Renewable Farming

Penn State: Avoiding neonicotinoid seed treatment helps protect beneficial insects

We’ve long admired No-Till Farmer for presenting the facts about farm chemicals, and the Dec. 15 report by Laura Barrera confirms that confidence again.

Barrera describes how Lewisburg, PA farmer Lucas Criswell has planted seed untreated by neonicotinoids for the past three years, with expectations of reducing toxic pressures on beneficial insects in the soil food web.

“We’re saving $15 an acre in seed treatment costs on soybeans,” Criswell is quoted.  The entire article is at this link. 

Criswell made his decision based on research supervised by Penn State University entomologist John Tooker. 

Tooker’s department reported in April 2015 that the acreage treated by neonicotinoids has increased rapidly the past several years.

Also, Penn State also reported a year ago that the neonicotinoids favor damaging slugs, while wiping out beneficial species.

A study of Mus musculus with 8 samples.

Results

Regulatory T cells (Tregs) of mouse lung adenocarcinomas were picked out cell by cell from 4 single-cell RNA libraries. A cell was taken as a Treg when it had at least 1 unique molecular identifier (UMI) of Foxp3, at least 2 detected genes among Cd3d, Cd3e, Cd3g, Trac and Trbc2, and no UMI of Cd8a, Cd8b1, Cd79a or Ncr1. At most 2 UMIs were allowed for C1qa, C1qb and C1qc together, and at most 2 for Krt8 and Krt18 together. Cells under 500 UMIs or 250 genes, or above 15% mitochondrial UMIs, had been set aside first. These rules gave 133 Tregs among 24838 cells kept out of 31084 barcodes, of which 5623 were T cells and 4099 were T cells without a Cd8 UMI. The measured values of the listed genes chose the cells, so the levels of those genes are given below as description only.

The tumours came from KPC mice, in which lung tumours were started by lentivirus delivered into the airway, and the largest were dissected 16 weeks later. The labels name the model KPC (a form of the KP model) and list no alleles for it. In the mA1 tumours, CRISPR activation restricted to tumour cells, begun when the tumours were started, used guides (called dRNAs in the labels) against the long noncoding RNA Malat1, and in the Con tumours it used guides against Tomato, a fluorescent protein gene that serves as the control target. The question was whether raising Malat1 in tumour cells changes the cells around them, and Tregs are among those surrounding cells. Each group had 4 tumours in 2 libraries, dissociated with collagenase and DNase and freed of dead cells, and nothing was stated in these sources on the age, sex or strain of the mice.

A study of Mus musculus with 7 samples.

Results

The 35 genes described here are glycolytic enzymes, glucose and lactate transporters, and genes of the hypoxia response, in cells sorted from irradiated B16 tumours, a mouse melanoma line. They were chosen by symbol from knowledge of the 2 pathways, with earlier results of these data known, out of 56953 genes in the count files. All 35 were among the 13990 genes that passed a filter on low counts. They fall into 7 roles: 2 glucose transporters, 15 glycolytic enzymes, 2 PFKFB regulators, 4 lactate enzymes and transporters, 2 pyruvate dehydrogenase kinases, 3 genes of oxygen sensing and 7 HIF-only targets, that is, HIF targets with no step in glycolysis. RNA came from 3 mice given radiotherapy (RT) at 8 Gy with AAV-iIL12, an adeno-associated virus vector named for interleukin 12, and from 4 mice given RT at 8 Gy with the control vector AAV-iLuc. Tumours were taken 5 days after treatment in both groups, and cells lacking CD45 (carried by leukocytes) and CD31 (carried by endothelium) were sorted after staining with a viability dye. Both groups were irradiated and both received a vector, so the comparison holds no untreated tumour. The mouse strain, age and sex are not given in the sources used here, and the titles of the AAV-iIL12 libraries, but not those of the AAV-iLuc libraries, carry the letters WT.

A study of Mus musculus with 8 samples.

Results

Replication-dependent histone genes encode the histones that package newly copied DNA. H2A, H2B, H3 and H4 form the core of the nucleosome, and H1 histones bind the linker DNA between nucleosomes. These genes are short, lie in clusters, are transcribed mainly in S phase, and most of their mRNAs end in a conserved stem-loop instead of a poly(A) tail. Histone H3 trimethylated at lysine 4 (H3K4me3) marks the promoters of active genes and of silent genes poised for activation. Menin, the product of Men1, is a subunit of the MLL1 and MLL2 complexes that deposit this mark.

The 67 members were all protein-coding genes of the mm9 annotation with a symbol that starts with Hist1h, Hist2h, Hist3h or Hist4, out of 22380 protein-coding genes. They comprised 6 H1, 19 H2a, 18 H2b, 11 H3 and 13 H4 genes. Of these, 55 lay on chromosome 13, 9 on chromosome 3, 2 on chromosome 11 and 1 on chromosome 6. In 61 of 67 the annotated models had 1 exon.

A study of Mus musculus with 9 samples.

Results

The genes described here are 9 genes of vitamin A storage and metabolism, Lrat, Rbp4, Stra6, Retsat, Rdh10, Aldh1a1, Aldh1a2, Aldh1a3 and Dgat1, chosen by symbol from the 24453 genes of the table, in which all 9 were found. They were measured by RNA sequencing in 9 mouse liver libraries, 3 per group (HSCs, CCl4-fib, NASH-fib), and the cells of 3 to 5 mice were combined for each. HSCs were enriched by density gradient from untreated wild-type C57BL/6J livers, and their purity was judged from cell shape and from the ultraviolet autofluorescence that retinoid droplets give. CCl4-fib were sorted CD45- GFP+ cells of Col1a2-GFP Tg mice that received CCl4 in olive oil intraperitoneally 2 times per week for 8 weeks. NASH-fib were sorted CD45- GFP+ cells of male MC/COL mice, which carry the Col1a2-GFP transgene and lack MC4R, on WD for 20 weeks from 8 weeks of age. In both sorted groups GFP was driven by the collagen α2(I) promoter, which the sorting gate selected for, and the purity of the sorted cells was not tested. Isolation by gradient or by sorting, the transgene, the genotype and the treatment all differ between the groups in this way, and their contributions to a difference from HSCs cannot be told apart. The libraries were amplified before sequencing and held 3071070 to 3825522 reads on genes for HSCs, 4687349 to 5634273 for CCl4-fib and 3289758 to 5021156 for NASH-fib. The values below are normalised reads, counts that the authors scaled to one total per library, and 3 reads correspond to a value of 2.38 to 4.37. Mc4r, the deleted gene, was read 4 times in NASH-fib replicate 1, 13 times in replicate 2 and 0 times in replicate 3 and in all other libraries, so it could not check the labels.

Neonics don’t affect gray slug, which proliferates in soil when its predators are taken out


The release, available at this link, says in part:

“Neonicotinoids are the most widely used insecticides in the world,” said Margaret Douglas, graduate student in entomology, Penn State. “Seed applications of neonicotinoids are often viewed as cheap insurance against pest problems, but our results suggest that they can sometimes worsen pest problems and should be used with care.”

According to John Tooker, associate professor of entomology, Penn State, recent research links neonicotinoids with negative effects on pollinators and pollution of surface water in agricultural ecosystems, and even with cascading negative effects on aquatic invertebrates and insect-eating birds. However, the effects of these common seed-applied insecticides on soil-dwelling creatures have been little explored.

“Our research suggests that neonicotinoids can have unintended costs, even within crop production,” he said.

Penn State research on “neonic” pesticides has been released in a straightforward way. Not all researchers in this area have fared as well. The Honey Colony website published an update on Jonathan Lundgren, the USDA researcher who ran into sanctions for being too candid about the impact of neonicotinoid pesticides on non-target insects. You can read it at this link.